When Meeru Dhalwala was a young girl she stank at school, she says — literally. The scent of spices permeated her hair and her clothes, the result of her mother’s habit of roasting the spices she used in her cooking.
Like mother, like daughter. Spices perfume the air at Shanik, the South Lake Union Indian restaurant Dhalwala debuted in December. Cumin. Coriander. Fenugreek. Cayenne. The intense aromas almost make your eyes sting. Just breathing whets the appetite.
Shanik (say Shah-nik) was one of the most anticipated restaurant openings in Seattle last year because its owners come from the much revered Vij’s and Rangoli in Vancouver, B.C. (Dhalwala is married to chef Vikram Vij, and Shanik is named after their daughter; her business partner, Oguz Istif, is the Canadian company’s COO.)
They were grateful for the buildup. “It was better than opening the doors and finding that no one was coming to the party,” Dhalwala says. But, as is her wont, she filled the kitchen with nonprofessional cooks whom she personally trains. They are hired for their “enthusiasm and willingness to learn,” but she admits it will take time to get everyone up to speed. “Our hands are moving slowly.”
Most Read Stories
- 'The Big Dark' is here as first of three storms rolls into Northwest on stretch of trans-Pacific moisture
- Boeing, reversing tide of cuts, rushes to bring back retirees as temps
- As Amazon’s deadline for HQ2 bids closes, speculation on winner heats up
- Midweek rain in Seattle area is just hint of what's to come, forecasters say
- As Confederate statues fall, this Washington town is creating a monument to its black founder VIEW
Some dishes don’t emerge just as they should — a nearly raw portobello mushroom, burnt garlic marring bitter greens and a soupy, cooked-down curry of kale, jackfruit, cauliflower and potatoes, for example. But others flaunt flavors so deeply integrated and complex they are almost impossible to parse.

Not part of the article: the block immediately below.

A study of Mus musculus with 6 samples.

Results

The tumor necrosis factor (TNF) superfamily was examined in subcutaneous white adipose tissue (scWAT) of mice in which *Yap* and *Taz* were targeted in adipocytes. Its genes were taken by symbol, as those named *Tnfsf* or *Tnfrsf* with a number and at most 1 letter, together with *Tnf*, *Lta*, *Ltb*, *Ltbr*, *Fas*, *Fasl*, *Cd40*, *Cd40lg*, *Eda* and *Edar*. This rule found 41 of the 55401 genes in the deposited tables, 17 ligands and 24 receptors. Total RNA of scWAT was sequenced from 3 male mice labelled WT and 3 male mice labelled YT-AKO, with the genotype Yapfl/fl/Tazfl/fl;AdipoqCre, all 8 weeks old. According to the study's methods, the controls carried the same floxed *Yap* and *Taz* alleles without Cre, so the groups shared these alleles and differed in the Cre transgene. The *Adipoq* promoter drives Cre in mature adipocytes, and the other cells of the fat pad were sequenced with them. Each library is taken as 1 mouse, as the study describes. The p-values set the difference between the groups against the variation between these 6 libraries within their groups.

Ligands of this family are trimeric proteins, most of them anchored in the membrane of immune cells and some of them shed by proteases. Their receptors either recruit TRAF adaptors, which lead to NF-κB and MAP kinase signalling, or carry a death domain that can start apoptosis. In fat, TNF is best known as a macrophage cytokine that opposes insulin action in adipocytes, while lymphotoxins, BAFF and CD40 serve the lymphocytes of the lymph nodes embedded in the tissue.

Among the small plates that open the dinner menu, look for curried deviled eggs paired with ginger-spiked tomato chutney and sprout-studded quinoa salad. Potato batons sautéed with bacon, onion and tomato top a delicate crepe veined with pungent spices. Mustard seeds turn up the heat in a terrific mélange of Brussels sprouts, bell pepper, cashews and cubed paneer mounded over crisp, crumbled pakoras (cauliflower and potato fritters).
Even in the spiciest dishes, the heat is so well incorporated with other ingredients that the effect is never numbing — and if it is, you need only ask for a bowl of raita, a cucumber-yogurt sauce that instantly quells the fire.
Rice (basmati flecked with toasted cumin seed) and bread (sometimes tough, sometimes tender, always glistening with ghee) accompany entrees. Most are available in half portions. Vegetarian options abound. A standout among those was a sweet-hot mash of roasted eggplant and butternut squash laced with black chickpeas.
Meat dishes include a version of Vij’s famous spice-encrusted lamb Popsicles, long-handled rib chops bridging coconut curry and a near-puree of split pea and spinach. The Oregon lamb used here yields big, lush chops that could have been pinker inside and crustier outside, but still held plenty of allure.
On the milder side: Coconut and ginger mingled in a potato curry paired with wild sockeye salmon. The fish, blackened as if cooked in a tandoor (the restaurant doesn’t have one), was still moist, as were similarly charred boneless chunks of marinated chicken smothered in saffron curried rice.
On the wilder side: A buttery sauce infused with black cardamom and coriander seeds and bolstered with barley was a properly rich partner for pull-apart-tender braised-beef short ribs, while a tangy sea of tomato, fennel and kalonji tamed the musky taste of braised goat.
Your waiter will be able to tell you that kalonji are nigella seeds. The staff knows the menu well because they get to order from it for their own dinners each night.
Service is not only informative, it’s fastidious. Tables are set with knife and fork crisscrossed over snowy napkins; plates and flatware are replaced between courses, and tabletops are wiped of spills; copper water ewers are checked frequently for fullness. Credit Istif for this front-of-the-house decorum.
Other niceties: Dinner begins with a complimentary cup of chai and hot pakoras passed as hors d’oeuvres. Chairs are comfortable, tables are well-spaced and the soothing blue-and-gold dining room has just enough elegance to soften its corporate feel. While Dhalwala smoothes out the kinks in her kitchen, you can still eat well here, even memorably.
Providence Cicero, Seattle Times restaurant critic, co-hosts “Let’s Eat” with Terry Jaymes at 4 p.m. Saturday on KIRO Radio 97.3 FM. Listen to past shows at www.KIRORadio.com/letseat. Reach Cicero at firstname.lastname@example.org.